Berry Hill Park is a "precious place to protect with all our might".
This was the message from the Protest Against Closure of Berry Hill Park rally which took place at the park this morning (November 10).
Hundreds of Mansfield residents came together outside the Coal Industry Social Welfare Organisation (CISWO) headquarters on Berry Hill Lane to voice their opposition to proposals that could see the park close for good.
The protest was organised by Berry Hill resident Clare Dobb, a former athlete in her time who has used Berry Hill Park since she was young for athletics, sport and for time in the community.
Clare says she was "blown away" by the amount of people who turned up to the rally, and hopes that it will prick the attention of both the Trustees and the council to say that the park "will not close".
She said: "When I saw that the park was going to close I knew I had to do something - I couldn't just sit back and let it happen so I organised this protest on social media.
"It is the most iconic place in Mansfield and I can guarantee everyone in the town has been here at least a few times in their life.
"We are here today to raise awareness about the support for the park in the community, to show that residents will not stand for the closure of a park that we all love so dearly.
"I hope now that dialogue between the Trustees and the council can come to a positive conclusion which prioritises keeping the park open for the community.
"I've brought my daughter here for years training on the athletics track and, just like many other people, I want this park to survive because it is a piece of Mansfield's history.
"The proposals at the minute are just not acceptable.
"I would like to thank everybody for turning up today, only this way can we make a stand. This park must stay open and it must stay open for all of us."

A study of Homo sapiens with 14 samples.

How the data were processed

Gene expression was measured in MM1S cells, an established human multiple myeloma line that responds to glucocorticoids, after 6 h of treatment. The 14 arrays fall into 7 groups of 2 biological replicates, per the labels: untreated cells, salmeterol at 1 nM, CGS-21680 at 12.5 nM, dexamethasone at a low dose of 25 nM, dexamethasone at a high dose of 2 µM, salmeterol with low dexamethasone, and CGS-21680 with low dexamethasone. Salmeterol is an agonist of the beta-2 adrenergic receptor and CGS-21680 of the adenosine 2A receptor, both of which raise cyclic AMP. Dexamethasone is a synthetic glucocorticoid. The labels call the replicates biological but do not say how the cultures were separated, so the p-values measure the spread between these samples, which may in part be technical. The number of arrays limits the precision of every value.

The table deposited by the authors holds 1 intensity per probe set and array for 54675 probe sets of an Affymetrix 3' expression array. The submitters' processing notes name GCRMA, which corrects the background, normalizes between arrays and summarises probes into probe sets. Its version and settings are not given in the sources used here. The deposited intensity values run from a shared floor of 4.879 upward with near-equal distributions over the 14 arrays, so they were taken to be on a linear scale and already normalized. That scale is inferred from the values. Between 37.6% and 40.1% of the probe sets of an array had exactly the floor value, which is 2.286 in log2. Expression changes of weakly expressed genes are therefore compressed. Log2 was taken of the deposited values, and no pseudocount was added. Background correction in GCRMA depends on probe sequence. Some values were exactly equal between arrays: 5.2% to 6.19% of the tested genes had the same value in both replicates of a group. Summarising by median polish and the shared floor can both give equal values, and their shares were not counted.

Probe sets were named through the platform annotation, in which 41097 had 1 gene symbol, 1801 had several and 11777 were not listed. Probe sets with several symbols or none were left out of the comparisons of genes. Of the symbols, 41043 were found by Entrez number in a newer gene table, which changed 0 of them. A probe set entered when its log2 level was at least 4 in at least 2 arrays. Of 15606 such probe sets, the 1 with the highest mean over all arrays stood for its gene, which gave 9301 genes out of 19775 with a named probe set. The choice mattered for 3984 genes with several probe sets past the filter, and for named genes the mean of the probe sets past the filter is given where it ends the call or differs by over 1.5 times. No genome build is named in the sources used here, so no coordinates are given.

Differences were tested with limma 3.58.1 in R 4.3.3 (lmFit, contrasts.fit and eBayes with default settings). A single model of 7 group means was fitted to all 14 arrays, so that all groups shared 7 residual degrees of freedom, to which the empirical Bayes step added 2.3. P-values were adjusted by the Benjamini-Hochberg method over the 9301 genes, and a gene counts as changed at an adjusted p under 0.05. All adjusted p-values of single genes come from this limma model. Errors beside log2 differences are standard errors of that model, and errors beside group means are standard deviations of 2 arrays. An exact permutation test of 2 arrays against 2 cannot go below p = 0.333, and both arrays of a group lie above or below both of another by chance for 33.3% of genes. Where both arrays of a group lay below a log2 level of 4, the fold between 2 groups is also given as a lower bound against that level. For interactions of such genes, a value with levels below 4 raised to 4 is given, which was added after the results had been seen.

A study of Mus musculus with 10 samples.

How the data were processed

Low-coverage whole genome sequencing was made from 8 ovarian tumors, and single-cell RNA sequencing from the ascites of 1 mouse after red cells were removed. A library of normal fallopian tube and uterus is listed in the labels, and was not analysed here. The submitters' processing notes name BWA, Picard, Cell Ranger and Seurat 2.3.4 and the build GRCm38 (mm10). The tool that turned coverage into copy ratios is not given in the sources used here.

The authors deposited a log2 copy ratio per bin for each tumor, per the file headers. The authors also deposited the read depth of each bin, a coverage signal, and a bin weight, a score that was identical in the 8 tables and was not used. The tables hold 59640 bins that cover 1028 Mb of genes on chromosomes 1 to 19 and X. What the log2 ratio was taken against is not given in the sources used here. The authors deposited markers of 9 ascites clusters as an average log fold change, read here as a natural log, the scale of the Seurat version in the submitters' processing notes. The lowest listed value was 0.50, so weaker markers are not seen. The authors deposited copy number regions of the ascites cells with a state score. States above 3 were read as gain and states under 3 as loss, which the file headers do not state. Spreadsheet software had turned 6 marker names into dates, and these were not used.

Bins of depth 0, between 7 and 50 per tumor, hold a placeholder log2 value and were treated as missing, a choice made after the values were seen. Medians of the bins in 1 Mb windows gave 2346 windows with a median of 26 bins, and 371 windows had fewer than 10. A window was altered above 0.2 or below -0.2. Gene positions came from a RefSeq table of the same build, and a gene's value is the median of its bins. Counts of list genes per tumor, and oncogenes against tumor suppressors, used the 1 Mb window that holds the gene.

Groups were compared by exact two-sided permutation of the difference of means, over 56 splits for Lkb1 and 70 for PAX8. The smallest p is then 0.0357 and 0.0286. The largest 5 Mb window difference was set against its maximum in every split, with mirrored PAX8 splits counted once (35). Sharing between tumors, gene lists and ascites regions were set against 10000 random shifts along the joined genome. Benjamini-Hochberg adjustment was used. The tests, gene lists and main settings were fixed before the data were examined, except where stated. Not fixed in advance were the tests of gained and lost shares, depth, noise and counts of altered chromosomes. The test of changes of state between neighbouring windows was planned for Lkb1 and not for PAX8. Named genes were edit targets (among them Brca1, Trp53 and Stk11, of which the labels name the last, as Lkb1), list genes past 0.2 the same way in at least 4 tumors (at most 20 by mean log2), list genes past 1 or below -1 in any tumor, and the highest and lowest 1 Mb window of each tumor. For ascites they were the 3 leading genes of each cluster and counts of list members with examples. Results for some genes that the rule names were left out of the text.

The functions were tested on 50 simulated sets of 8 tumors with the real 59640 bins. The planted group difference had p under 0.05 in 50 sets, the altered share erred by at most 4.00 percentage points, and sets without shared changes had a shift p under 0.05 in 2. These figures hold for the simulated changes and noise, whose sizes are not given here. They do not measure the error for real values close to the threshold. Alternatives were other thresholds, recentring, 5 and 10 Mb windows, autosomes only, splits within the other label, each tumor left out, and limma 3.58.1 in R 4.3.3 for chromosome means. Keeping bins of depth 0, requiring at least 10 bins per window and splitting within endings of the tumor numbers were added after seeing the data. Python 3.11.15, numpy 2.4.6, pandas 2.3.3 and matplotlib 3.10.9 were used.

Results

A number of speeches were made at the rally, including from Councillor Sonya Ward, Labour member for Bull Farm and Pleasley, who believes the park must be protected "at all costs".
She said: "I was first contacted by a resident who lives on my street in Bull Farm, an area in the town which couldn't really be further away from the park than it is.
"I think this shows just how important the park is to residents across the town - it is not just a park but an open space for the community, it has a park, a pond, a beautiful woods and a running track, not just grass.
"It's a very important space for the community and I think we should do whatever we can and at whatever cost to protect it from closure.
"Berry Hill Park in nice weather is iconic, beautiful and we cannot see it closing because it would affect so many people."
One community group that will be affected by the closure is the Mansfield Boys Football Club, which has played its home matches on the park for a number of years.
READ MORE: What now for Berry Hill Park?
Paul Shelton, Mansfield Boys' manager, said: "Our biggest quarrel really is with the council, not the Trustees, because they have been doing all they can to run the park for years.
"We have got an eight year contract on the park to keep playing our home games and it isn't an easy thing to just uproot a football club.
"We were given just two weeks notice that the park was going to close, we have a lot of people who pay money to help the upkeep of the pitch and this decision will affect a lot of people.
"This is not just us, everyone in the town will be affected by the closure of the park - athletics groups, football teams, families and dog walkers.
"I think we need to see a bit of dialogue now and come towards a conclusion, a direction, because it's clear closing the park is not an option for the people of Mansfield."
Other residents expressed concerns about the park closing and the proposals because of its "history and significance" in the town, having hosted the Miner's Gala and hundreds of athetics events in the past.
The most recent proposals, set out by the Trustees of Berry Hill Social Welfare Club, which has management of the park on behalf of CISWO, say that unless funds are made available or corporate support is given from Mansfield District Council, it will no longer be able to afford the upkeep of the open space.
A formal meeting between Mansfield District Council and the trustees has been scheduled for November 22, where it is expected the Trustees will ask the council to become corporate trustees of the park in order to keep it open to the public and prevent permanent closure.